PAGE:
Beyond recognition 

The Jeff Norton Awards ceremony is a winner for local theater.

This is an “interim year” for the Jeff Norton Awards, according to Bridget Bean, president of Theatre Tampa Bay (the alliance of Bay area professional theaters). Last year’s confusing model, in which every theater had a best actor, best actress, best director, etc., was distinctly not a hit with participants.

“That’s the feedback we got,” says Bean. “That it was too much like a high school graduation ceremony.”

So next year, there will be a jury that will see all shows, and only one award in each category will be given. This is closer to the way that other regional theater awards operate, like the Carbonells in Miami and Suzi Bass Awards in Atlanta.

But that change, as I said, happens next year.

For 2012, on Monday evening, Aug. 20 at The Palladium in St. Pete, there’ll be separate “bests” for two participating theaters — American Stage and Stageworks — and “special recognition” awards from Hat Trick, freeFall, Jobsite, the Silver Meteor and Gorilla. The “bests” are the product of audience voting (ballots were included in programs), weighted so that the bigger audiences don’t inevitably determine the winners. There’ll also be a Critics’ Choice Award for best play and best musical, decided by yours truly along with Kathy Greenberg of The Tampa Tribune and a critic from the Tampa Bay Times (John Fleming is out having hip surgery). Everyone’s welcome to attend the awards show, but there’s a $25 charge (go to American Stage at 727-823-PLAY) with a discount for artists (contact your favorite theater for the special code). There’ll be a party afterwards where you can congratulate the winners and assure everyone else that they were cheated unspeakably.

As to the presentation itself — named, as many know, in honor of a beloved actor whose 2010 murder devastated the local theater scene — it will be directed by Karla Hartley, and comic actor Matthew McGee will host. This is a change from last year, when there were hosts from TV and so many presenters, there were traffic jams in the wings. (I was one of the presenters, and found the experience nerve-wracking.) McGee is a gifted improviser, so expect a lot of humor, and in addition there’ll be musical numbers from American Stage’s Rocky Horror Show, Stageworks’ Listen to My Heart, St. Pete Opera’s Sweeney Todd, and freeFall’s Cabaret. Talented pianist Stan Collins will be caressing the ivories, and McGee has written and will sing a retrospective medley that promises to be entertaining.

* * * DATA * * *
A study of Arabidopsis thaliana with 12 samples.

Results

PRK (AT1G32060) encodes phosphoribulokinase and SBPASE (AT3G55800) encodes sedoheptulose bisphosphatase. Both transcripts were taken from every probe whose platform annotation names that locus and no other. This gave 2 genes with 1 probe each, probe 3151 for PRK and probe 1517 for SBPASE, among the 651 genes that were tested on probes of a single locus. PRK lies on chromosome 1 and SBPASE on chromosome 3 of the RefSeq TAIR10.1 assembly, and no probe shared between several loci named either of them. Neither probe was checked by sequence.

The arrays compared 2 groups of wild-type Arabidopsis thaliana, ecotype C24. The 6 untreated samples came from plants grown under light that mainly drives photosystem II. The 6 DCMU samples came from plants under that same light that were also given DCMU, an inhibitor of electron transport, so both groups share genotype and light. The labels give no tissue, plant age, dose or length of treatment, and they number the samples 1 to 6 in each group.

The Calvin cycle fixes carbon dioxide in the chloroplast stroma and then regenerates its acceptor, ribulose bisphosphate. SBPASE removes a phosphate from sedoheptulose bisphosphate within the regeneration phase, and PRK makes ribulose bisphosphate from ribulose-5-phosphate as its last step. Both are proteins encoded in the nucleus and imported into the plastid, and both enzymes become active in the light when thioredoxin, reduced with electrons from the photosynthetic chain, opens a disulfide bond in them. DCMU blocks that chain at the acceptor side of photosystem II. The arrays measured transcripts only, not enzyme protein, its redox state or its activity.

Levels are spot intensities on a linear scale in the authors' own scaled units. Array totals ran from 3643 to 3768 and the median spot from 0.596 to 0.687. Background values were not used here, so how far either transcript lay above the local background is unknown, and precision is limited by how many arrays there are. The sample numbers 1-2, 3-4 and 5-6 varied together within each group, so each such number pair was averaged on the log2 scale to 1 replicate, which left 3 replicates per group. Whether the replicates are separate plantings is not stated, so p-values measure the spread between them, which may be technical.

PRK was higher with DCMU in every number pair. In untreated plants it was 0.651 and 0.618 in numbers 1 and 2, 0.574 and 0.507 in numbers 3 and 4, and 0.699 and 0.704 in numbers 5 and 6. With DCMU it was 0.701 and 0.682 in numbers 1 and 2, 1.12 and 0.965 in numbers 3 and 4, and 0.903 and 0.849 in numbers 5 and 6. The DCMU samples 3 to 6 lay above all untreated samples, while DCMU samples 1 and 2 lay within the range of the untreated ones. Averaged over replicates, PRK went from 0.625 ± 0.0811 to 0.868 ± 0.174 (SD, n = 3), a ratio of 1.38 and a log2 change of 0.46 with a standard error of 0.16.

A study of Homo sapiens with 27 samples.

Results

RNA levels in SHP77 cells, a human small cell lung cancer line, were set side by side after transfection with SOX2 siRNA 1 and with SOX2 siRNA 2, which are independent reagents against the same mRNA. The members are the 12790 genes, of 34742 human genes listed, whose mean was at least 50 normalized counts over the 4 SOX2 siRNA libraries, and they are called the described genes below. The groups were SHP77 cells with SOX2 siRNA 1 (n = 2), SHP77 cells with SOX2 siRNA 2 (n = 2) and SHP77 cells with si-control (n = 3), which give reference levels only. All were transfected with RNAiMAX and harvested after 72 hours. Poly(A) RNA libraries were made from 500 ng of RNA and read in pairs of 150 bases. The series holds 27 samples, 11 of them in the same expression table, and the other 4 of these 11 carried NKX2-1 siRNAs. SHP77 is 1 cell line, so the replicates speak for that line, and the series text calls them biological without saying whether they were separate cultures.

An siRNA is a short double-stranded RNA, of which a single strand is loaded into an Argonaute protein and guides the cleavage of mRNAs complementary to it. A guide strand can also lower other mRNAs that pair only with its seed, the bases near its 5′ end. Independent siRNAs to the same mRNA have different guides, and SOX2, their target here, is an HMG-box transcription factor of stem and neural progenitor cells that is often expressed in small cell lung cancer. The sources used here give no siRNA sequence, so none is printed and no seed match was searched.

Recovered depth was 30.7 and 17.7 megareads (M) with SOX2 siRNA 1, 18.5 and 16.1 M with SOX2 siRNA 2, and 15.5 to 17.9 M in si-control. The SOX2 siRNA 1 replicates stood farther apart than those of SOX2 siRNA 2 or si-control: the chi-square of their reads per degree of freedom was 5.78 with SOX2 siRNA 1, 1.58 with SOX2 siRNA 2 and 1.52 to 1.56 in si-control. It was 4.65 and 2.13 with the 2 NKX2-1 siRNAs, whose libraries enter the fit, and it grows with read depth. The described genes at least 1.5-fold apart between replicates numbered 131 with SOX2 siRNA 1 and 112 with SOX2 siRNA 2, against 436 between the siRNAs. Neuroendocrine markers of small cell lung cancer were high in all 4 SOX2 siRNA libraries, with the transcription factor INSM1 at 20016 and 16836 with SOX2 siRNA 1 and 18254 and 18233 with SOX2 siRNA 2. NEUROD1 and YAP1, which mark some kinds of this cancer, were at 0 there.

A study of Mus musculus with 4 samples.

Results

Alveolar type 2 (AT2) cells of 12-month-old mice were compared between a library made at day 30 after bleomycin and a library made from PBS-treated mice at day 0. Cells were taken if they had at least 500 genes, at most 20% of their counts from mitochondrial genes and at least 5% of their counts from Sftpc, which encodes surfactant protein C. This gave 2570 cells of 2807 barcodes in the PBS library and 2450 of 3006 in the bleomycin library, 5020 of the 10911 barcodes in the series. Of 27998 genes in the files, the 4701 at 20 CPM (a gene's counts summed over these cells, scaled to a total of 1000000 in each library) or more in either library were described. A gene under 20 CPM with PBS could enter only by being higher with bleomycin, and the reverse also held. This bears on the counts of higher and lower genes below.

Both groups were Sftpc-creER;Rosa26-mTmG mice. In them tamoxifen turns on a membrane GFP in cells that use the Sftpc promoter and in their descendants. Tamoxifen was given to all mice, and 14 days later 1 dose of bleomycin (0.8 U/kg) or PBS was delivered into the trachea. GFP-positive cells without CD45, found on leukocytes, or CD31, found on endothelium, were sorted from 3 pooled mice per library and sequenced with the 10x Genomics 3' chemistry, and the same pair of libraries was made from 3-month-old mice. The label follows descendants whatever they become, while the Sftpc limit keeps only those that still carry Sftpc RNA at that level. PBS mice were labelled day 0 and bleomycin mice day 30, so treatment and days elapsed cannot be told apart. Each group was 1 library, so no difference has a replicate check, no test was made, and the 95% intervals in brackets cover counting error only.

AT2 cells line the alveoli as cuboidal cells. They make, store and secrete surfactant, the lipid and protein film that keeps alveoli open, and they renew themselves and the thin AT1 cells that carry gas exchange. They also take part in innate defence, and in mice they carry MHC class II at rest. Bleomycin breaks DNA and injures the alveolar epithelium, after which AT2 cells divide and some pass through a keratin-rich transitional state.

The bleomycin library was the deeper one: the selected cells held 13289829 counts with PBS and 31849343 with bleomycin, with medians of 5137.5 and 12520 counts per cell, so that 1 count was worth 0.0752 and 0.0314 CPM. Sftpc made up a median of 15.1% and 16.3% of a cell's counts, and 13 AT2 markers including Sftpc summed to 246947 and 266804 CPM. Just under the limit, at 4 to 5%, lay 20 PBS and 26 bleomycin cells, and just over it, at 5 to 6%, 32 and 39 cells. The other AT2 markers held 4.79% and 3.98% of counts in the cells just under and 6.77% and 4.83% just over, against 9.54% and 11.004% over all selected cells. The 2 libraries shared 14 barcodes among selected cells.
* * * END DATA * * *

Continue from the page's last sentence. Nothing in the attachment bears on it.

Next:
American Stage and Stageworks will present awards for Best Lead Actor and Actress, Best Featured Actor and Actress, Best Director, Set Designer, Lighting Designer, Sound Designer and Costumer. Why didn’t all the local theaters sign up to be considered for these awards? Bean attributes it to the required fee — and the fact that this was a tough year financially for a lot of theaters.

And now, a critic’s view. Last year’s ceremony was pretty much a mess: too many awards and presenters, too many hours, too little sense. The talk last year was all about not fomenting competition, but the result was something like asking a kindly grandmother to name her favorite children. Anyway, what’s so wrong with turning some of our best performers and designers into one-of-a-kind celebrities for a year? Local theater artists already have to labor for little pay and only the general recognition that comes with a rave review in one of the three papers; why not add an annual award? I remember what Harold Clurman said once, when asked whether the U.S. should have a national theater. “Let’s have one,” he said. “And then let’s knock it!”

I’d say the same about the Jeff Norton Awards as projected for next year: Let’s have them, and then let’s enjoy a good 12 months of complaining about their injustice. This year’s (and last year’s) method may be more compassionate; it’s also so diffuse as to mean very little.

One last note: the very best feature of last year’s Jeff Norton gathering was the spectacle of seeing so many of the Bay area’s theater people together in one place. Winners and losers aside, there was a lot of love in The Palladium last year, the love of a dedicated group of artists for their craft and for each other.

What was clear in 2011 should be evident again Monday night: The guild of theater artists in the Bay area is, above all else, a family. For this reason particularly, I’m looking forward to the reunion.